Being a white belt in a sea of colored belts can feel a lot like being a guppy swimming amongst sharks. Here are all these people who know how to break limbs and choke people unconscious, and then… well, there you are. You might know a few cool techniques, and you’ve probably gotten a lot better since your first class, but once you go up against someone who actually knows what they’re doing, none of that really seems to matter. All you can see is how good they are and how terrible you are.
But seriously, that’s a good thing.
The white belt stage is probably the most paradoxical of all the belt levels. On one hand, you will never again see such a massive spike in progress in such a short amount of time as you do between your first day on the mats and the day your professor ties your blue belt around your waist. On the other hand, even as you’re learning a ton of new techniques, you’re going to be really, really bad at them. You might leave class super pumped about how you learned a triangle choke and a triangle escape and — holy guacamole — how you can transition to an armbar from a triangle, but chances are you’re not going to be able to properly execute them on someone who actually knows what they’re doing. Because of this, you’re going to become discouraged. You’re going to feel like you know nothing. You’re going to feel like you suck. And the reason for that is because you do know nothing, and you do suck.
Honestly, though, thank goodness for that. All those blue and purple and brown belts who are whoopin’ your butt now would probably feel pretty lousy if they put in years and years of hard work only to be easily bested by someone who only has six months’ worth of jiu-jitsu experience. While there are some white belts who seem to have been given an X-Men-like mutation that makes them stupidly good at jiu-jitsu, most people are going to require at least a year of consistent and smart training before they actually feel like they kind of know what they’re doing. If you’re a white belt who’s destroying all the brown belts in class, you’re either a prodigy or those aren’t real brown belts.
Jiu-jitsu is hard, dude. There’s a reason it takes so long to get promoted, and there’s definitely a reason why so many people quit before they even get the chance to be good. There’s a lot to learn, and you’re probably not going to be comfortable with the details that will take your armbars from “meh” to marvelous for a few more years. Just like you have to be able to draw a circle before you can create something that rivals the Mona Lisa, the basics you learn as a white belt are going to be the foundation for all the smaller, more complicated things that will make you “good” as you continue to make progress. And until you’ve built that solid foundation, the details that more advanced practitioners have learned are going to be the reason they can so easily demolish you.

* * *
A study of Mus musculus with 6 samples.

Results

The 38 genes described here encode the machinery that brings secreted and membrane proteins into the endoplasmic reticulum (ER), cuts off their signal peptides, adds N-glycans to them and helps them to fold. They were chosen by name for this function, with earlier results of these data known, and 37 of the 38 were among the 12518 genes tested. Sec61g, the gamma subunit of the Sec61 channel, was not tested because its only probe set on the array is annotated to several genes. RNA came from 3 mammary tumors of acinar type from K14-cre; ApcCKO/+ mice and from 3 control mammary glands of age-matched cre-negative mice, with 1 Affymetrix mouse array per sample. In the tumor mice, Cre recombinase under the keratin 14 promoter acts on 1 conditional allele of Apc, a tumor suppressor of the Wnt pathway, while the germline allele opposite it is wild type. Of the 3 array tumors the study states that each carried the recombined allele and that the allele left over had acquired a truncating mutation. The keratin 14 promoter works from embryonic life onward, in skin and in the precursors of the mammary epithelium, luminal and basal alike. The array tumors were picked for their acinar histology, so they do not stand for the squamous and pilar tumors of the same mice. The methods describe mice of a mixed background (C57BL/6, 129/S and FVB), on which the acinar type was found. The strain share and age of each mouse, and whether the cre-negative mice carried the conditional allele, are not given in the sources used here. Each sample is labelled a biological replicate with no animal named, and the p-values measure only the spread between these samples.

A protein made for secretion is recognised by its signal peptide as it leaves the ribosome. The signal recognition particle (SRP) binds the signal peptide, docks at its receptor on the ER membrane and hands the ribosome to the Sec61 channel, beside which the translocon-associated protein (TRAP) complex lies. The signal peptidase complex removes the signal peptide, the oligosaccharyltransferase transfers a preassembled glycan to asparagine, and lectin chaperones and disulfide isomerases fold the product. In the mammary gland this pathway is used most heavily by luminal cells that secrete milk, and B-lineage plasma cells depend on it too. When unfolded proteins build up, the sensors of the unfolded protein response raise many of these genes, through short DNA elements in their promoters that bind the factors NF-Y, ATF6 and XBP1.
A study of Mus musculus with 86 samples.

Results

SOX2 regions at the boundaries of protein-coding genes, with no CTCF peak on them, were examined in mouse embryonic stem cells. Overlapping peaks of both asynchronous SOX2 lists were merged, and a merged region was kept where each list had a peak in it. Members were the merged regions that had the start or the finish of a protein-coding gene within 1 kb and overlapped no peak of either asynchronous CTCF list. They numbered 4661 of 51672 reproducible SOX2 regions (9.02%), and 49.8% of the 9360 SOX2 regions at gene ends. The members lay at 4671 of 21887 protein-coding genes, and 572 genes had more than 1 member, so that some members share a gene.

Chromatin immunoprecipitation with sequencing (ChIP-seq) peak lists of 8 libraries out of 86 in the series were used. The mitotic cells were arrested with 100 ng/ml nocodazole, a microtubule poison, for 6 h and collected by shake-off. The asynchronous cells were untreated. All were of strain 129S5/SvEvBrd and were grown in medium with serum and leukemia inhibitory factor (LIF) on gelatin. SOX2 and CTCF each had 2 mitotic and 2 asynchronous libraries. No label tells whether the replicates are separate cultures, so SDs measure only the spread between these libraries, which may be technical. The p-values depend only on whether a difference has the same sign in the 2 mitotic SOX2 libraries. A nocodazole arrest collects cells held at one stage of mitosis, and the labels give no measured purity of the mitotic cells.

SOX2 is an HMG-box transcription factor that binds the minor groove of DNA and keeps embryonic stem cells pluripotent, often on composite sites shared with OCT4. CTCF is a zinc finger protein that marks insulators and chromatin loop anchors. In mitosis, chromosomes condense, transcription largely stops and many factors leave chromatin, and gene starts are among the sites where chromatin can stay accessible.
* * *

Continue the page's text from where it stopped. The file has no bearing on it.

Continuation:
Trust me on this — if you put in the time and effort, you will be good one day. It might take a bit longer than you expected, but it’ll happen. For now, you need to embrace how terrible you are at jiu-jitsu. Everyone you admire has been in your place. They’ve held back tears of frustration after a particularly brutal class, they’ve lost sleep going over what they did wrong during a roll, and they’ve felt like jiu-jitsu simply “wasn’t for them.” You’re not a particularly lousy white belt — you’re just a white belt.
The good news is that unless you quit, you won’t be a white belt forever. There’s going to come a day, in fact, where you might even miss these days of being invisible on the mats. Right now, nobody expects you to be good. They’re not going to try to test themselves against you the way they might see if they could tap out a purple belt. They’re not going to think of you as “the brown belt who still makes blue belt mistakes.” This is the only time in your jiu-jitsu career where the only thing that everyone expects of you is to show up and survive. Appreciate it while you can, because one day, you’re not going to suck anymore. And that, too, is kind of going to suck.